Insha’Allah: Morocco’s Changing Culture

John Francis Peters
John Francis Peters
Tbourida is a traditional equestrian art and simulation of 15th century military tactics. These events are often staged as part of community celebrations in Casablanca.

We reached a vast field just beyond Casablanca’s limit. Dusty trails wandered toward the center, where they crisscrossed then extended further outward toward mosques, half made tenement blocks and shanty towns. The sun felt metallic hot. Opaque echos of a single prayer call grazed us with the coming breeze. More began to rise, until the many voices braided the air around us. I watched and froze the sprawling urban panorama that vibrated behind heat waves, until the voices faded away.

This past June I spent five weeks in North Africa participating in an art-research project called Beyond Digital: Morocco. As a collaborative, experimental project, each of the seven multi-disciplined participants interpreted a core research theme centered around contemporary Moroccan music and the culture it emerges from. I used this evocative aspect of the culture as a guide to explore the country’s current landscape, both environmental and social.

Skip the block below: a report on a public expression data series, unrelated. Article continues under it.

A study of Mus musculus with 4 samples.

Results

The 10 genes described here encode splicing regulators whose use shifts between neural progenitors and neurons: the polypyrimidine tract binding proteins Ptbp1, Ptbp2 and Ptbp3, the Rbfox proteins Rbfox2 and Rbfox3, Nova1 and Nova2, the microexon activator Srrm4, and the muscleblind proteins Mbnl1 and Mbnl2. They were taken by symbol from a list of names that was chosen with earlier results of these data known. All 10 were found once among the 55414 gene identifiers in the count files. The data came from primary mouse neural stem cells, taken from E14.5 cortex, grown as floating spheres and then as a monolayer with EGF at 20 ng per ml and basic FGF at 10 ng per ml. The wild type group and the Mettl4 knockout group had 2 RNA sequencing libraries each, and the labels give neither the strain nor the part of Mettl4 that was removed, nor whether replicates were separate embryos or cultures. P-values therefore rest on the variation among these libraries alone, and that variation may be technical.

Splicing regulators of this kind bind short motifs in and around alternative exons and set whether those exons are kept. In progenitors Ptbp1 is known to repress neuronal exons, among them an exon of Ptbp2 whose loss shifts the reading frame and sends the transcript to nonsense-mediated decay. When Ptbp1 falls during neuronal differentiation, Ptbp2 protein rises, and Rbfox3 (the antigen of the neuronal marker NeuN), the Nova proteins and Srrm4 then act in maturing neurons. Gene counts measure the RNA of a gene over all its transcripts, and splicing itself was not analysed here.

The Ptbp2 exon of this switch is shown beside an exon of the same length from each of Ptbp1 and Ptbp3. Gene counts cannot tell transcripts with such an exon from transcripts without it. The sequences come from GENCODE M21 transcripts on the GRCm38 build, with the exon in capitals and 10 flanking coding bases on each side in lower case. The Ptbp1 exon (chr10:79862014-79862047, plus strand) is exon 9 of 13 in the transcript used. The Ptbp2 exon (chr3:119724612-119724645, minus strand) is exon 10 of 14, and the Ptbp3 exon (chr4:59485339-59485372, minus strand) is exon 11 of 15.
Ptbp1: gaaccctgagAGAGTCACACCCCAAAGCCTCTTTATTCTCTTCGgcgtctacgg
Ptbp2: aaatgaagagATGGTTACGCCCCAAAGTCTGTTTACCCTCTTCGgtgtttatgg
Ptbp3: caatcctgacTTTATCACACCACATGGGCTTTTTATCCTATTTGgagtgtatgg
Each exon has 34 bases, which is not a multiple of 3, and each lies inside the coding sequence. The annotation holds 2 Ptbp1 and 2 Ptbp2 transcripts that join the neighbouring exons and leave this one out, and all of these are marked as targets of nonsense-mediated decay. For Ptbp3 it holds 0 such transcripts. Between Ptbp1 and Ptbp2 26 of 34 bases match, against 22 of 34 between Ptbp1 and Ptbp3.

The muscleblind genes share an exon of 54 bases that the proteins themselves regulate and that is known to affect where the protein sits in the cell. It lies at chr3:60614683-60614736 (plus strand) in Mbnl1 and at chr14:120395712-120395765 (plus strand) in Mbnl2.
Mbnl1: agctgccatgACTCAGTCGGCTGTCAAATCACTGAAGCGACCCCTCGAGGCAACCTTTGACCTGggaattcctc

Morocco is a landscape at the precipice. At the far western edge of the Muslim world, it is both a world unto itself and a historic doorway between Europe, the Middle East and Africa. These varied influences have woven themselves into a unique cultural fabric, marked with sharp contrasts. Today, Western cultural trends, international investment projects and sprawling urban development jostle together with the country’s Muslim and ancient Berber cultures. To this is added the pressing undertone of Morocco’s ambivalent position within the developing Arab Spring.

My goal was to make a series of images which would capture the concurrent dynamics of this contemporary Moroccan landscape. As a foreign artist, I wanted to seek the edges of the landscape that fell away from the ways Morocco is generally represented, allowing the landscape to recount its story through the image-making process. This photographic contribution was one of several media involved in the larger project, from documentary video shorts to software design, each offering its own artistic interpretation, thus creating a multi-faceted experiment in how art and cultural research can work in tandem.

John Francis Peters is a New York based photographer and photo editor.